Cats and dogs are getting fatter — and we have no one to blame but ourselves

En español | As a veterinarian, I've seen every breed of dog and cat plus all sorts of mixed breeds, too. Unfortunately, far too many of them display more waddle than wiggle and look more like hairy ottomans than fit Fidos and trim Tabbies.  

See also:  Your Dog: The Owner's Manual by Dr. Marty Becker

American kids aren't the only ones facing an obesity crisis: So are pets — and we have no one to blame but ourselves.

marty becker on fat pets, large cat in basket

A fat cat (or dog) might seem content, but there are serious health risks for pets that are overweight. — Ineke Kamps/Getty Images

There's no doubt we adore our dogs and cats, but we tend to overfeed or fail to serve them nutritionally balanced meals. The results could shorten their life spans and inflate our veterinary bills. Just like humans, our dogs and cats are at risk for weight-related conditions, including diabetes, arthritis and heart disease. The rate of overweight and obese pets has become so alarming that concerned veterinarians, led by Dr. Ernie Ward, created the Association for Pet Obesity Prevention (APOP).

What sounds like a simple solution — just feed less and feed better food — deceptively falls short. Pet food is a multibillion dollar, competitive business. It's easy to feel swallowed up when walking down the aisles in a pet supply store with bags, cans and pouches of pet food vying for your attention.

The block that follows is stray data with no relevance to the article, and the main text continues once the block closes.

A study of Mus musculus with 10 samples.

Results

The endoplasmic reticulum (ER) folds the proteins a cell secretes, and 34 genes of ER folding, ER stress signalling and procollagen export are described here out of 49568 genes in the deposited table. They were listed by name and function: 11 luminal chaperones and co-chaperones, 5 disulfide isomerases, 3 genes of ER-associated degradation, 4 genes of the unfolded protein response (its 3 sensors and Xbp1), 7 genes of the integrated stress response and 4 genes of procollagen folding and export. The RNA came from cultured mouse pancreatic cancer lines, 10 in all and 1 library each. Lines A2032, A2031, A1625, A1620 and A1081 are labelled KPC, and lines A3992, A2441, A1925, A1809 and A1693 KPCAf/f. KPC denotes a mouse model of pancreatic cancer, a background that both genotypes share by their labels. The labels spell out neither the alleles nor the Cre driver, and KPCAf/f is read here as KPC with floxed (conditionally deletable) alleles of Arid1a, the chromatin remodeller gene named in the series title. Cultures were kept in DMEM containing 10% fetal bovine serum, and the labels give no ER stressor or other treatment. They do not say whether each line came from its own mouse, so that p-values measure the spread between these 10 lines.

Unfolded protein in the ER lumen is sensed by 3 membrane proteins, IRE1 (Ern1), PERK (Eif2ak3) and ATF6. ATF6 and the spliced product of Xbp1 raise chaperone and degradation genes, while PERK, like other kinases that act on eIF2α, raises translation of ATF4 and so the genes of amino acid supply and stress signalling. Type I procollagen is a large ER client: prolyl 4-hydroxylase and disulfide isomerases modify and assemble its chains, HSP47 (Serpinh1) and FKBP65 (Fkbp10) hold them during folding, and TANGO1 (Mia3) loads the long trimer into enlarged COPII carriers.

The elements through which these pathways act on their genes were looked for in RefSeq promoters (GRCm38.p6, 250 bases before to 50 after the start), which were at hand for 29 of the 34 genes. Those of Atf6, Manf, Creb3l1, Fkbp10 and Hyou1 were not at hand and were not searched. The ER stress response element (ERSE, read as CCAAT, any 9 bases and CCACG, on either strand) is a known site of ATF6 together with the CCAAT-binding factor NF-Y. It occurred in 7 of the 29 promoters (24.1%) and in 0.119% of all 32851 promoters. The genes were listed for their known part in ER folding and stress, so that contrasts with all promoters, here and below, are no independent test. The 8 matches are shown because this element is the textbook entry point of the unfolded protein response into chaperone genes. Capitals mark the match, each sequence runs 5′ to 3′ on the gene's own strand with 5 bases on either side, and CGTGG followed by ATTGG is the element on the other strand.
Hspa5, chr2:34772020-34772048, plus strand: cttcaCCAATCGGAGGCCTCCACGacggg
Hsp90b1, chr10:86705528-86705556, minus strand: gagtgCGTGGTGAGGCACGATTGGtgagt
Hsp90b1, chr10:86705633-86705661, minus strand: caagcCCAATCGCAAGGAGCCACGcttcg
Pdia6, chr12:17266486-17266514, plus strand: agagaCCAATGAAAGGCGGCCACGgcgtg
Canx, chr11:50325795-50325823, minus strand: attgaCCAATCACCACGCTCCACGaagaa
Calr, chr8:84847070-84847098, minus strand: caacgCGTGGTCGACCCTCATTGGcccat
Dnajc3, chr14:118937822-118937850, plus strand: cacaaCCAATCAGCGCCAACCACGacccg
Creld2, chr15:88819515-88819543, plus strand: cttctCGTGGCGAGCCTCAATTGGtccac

Don't shop based on price and don't be swayed by marketing terms such as "lite," "natural" and "gourmet." Pinpointing what is the right pet food in the right portion is best accomplished when people work closely with nutritionally credentialed veterinarians and factor in the pet's age, breed, health condition and activity level. For example, puppies and kittens require more proteins and fats than adult dogs and cats. Labrador retrievers are more susceptible to joint disease while schnauzers are prone to genetic kidney disease and diabetes.

Equally important is to unleash a few creative ideas designed to fortify your pet's physical and mental well-being while keeping him at a healthy weight. These five tips will help you keep your pet in healthy shape:

1. Ditch the food bowl. Curb your pet's chowhound tendencies by taking away the food bowl for at least one of the two meals a day and bringing out his natural hunting skills. Replace the food bowl with food puzzles designed to dole out small amounts of food when the pet makes the puzzle move or open in some way. These food puzzles are available in most pet supply stores and some of my favorites include the Kong Wobbler, Busy Buddy line and Nina Ottosson Dog Pyramid.